09:01 AM Friday 4/27/12 |   |

There was a reunion, of sorts, at Woodstock on Thursday.

Musicians, friends and fans gathered in the board-and-batten barn where Levon Helm staged his Midnight Ramble concerts to remember the influential singer and drummer for The Band, who died of throat cancer last week at age 71.

  • Levon Helm

    "Imus in the Morning," Fox Business Channel, New York City
    October 9, 2009

    (AP Photo)

    | 

Nearly 2,000 people attended his wake, not far from where The Band played at the Woodstock gathering in 1969, said a spokesman for the school bus company that shuttled mourners from the village to the wooded grounds of Helm’s home and studio.

Helm’s closed casket, in the second-floor studio of the barn, was surrounded by flowers and flanked by his drum kit and a piano.

“He was so down to earth,” said Roland Mousaa, a folk musician who performed with Bob Dylan and other artists at Woodstock.

Sporting long gray hair, sequined sunglasses and a tie-dye shirt under a funereal black topcoat, Mousaa said, “The greatness of Levon Helm was the impact he had on people.”

Visitors greeted family members and walked down a corridor lined with photos and memorabilia, including Helm’s Grammys in a lighted case. Upstairs, they filed silently past the coffin and glimpsed a family photo slideshow before security staff urged them toward the back exit.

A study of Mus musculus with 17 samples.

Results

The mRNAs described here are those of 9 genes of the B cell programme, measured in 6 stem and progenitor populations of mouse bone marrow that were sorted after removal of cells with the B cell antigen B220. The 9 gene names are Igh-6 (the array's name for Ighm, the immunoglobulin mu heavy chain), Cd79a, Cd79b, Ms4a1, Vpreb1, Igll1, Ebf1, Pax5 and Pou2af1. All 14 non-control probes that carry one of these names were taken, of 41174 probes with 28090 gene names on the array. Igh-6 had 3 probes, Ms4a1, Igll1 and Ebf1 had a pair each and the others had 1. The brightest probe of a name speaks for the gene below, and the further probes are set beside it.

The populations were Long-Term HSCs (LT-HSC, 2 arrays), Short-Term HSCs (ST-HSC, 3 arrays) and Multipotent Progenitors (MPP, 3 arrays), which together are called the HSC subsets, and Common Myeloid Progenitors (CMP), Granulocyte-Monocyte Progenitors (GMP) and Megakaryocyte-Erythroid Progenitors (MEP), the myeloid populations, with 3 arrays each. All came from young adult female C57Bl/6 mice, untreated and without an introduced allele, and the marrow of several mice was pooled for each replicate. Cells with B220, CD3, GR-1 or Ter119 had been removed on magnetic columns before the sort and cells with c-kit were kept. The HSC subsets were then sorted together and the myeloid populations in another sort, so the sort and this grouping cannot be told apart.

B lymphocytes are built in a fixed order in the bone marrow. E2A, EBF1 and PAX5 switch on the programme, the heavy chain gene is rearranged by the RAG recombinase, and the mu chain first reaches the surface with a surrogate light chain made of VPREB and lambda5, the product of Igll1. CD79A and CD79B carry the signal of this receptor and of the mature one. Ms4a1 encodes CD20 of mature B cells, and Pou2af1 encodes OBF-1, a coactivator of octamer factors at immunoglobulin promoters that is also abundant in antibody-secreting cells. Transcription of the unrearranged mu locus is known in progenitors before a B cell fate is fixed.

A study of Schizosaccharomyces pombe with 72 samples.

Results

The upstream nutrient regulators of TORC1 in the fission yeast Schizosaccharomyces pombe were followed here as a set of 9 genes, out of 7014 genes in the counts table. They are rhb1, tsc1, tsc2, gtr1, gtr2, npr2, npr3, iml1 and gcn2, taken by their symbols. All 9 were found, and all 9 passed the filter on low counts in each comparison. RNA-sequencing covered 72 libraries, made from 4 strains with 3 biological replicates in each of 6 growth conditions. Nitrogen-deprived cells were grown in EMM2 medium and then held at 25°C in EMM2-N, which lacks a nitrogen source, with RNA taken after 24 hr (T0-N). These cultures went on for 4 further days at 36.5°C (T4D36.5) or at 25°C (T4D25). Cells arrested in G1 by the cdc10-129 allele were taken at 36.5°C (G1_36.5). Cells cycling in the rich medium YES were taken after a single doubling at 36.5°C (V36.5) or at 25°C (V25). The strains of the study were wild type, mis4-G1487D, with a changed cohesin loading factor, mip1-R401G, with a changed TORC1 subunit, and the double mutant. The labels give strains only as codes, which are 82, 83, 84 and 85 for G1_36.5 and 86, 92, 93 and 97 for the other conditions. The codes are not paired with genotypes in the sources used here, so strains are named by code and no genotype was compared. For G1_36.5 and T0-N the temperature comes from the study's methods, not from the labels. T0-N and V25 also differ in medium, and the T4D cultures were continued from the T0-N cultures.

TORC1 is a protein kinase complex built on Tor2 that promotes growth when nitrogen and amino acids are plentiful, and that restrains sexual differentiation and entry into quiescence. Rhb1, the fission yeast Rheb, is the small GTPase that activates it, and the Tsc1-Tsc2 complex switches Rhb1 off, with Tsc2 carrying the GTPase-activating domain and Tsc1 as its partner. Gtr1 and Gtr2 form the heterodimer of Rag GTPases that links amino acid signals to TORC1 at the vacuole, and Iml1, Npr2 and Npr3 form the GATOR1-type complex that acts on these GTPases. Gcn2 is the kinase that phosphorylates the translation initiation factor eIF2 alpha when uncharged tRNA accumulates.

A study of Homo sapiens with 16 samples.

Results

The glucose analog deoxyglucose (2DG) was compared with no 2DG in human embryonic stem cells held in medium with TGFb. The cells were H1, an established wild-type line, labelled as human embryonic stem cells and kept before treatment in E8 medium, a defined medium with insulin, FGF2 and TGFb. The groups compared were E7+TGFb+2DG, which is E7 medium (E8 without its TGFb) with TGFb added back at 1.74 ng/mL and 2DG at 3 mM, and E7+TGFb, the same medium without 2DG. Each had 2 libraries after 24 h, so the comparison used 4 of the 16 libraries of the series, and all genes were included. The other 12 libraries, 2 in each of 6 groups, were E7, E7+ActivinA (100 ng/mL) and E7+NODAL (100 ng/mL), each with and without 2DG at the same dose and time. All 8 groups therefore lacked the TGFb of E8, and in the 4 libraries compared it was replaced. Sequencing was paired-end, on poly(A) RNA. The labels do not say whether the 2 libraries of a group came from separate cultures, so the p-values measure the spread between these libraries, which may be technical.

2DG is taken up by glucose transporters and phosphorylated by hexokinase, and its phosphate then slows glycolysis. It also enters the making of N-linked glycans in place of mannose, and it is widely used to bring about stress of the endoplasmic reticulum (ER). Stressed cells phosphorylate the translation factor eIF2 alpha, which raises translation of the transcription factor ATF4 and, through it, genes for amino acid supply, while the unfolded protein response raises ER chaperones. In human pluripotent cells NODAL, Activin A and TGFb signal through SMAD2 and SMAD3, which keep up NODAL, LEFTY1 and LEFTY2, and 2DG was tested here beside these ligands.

“He was an icon, but also the guy next door,” said Al Caron, of Woodstock. “The Rambles were like a revival meeting. There was just a sense of euphoria from the minute you arrived at his home and he will be missed.”

  • Honoring Levon

    Fans wait outside the Woodstock Playhouse to board buses to go to a wake for musician Levon Helm in Woodstock, N.Y.
    April 26, 2012

    (AP Photo)


Early on, The Band backed Dylan on his electric tours of 1965-66 and collaborated with him on the legendary Basement Tapes.

“He was my idol,” said Dan McCabe, a college student pursuing a career in music production who played in a jazz band at one of Helm’s Rambles.

The son of an Arkansas cotton farmer, Helm was just out of high school when he joined rocker Ronnie Hawkins in 1957 as the drummer for the Hawks. That band eventually recruited a group of Canadian musicians who, along with Helm, would join Dylan and ultimately become The Band.

The Band bid farewell to live shows with “The Last Waltz” concert in 1976. Eric Clapton, Neil Young, Joni Mitchell and Dylan were among the stars who played the show, filmed by Martin Scorsese.

Helm recorded Dirt Farmer in 2007 and Electric Dirt in 2009. Both albums won Grammys. He won another this year for Ramble at the Ryman.

“He used his fame for good,” said Pat McCabe, Dan’s father. “He took time to give benefits for schools all over the area. He had a level of humanity over and above a mere rock star. Plus, he was a hell of a musician.”

  • Levon Helm

    During The Band’s “Last Waltz” farewell concert at San Francisco’s Winterland Auditorium.
    November 27, 1976

    (AP Photo)

    | 

After a private funeral Friday, Helm will be buried in Woodstock Cemetery next to Rick Danko, The Band’s singer and bassist, who died in 1999.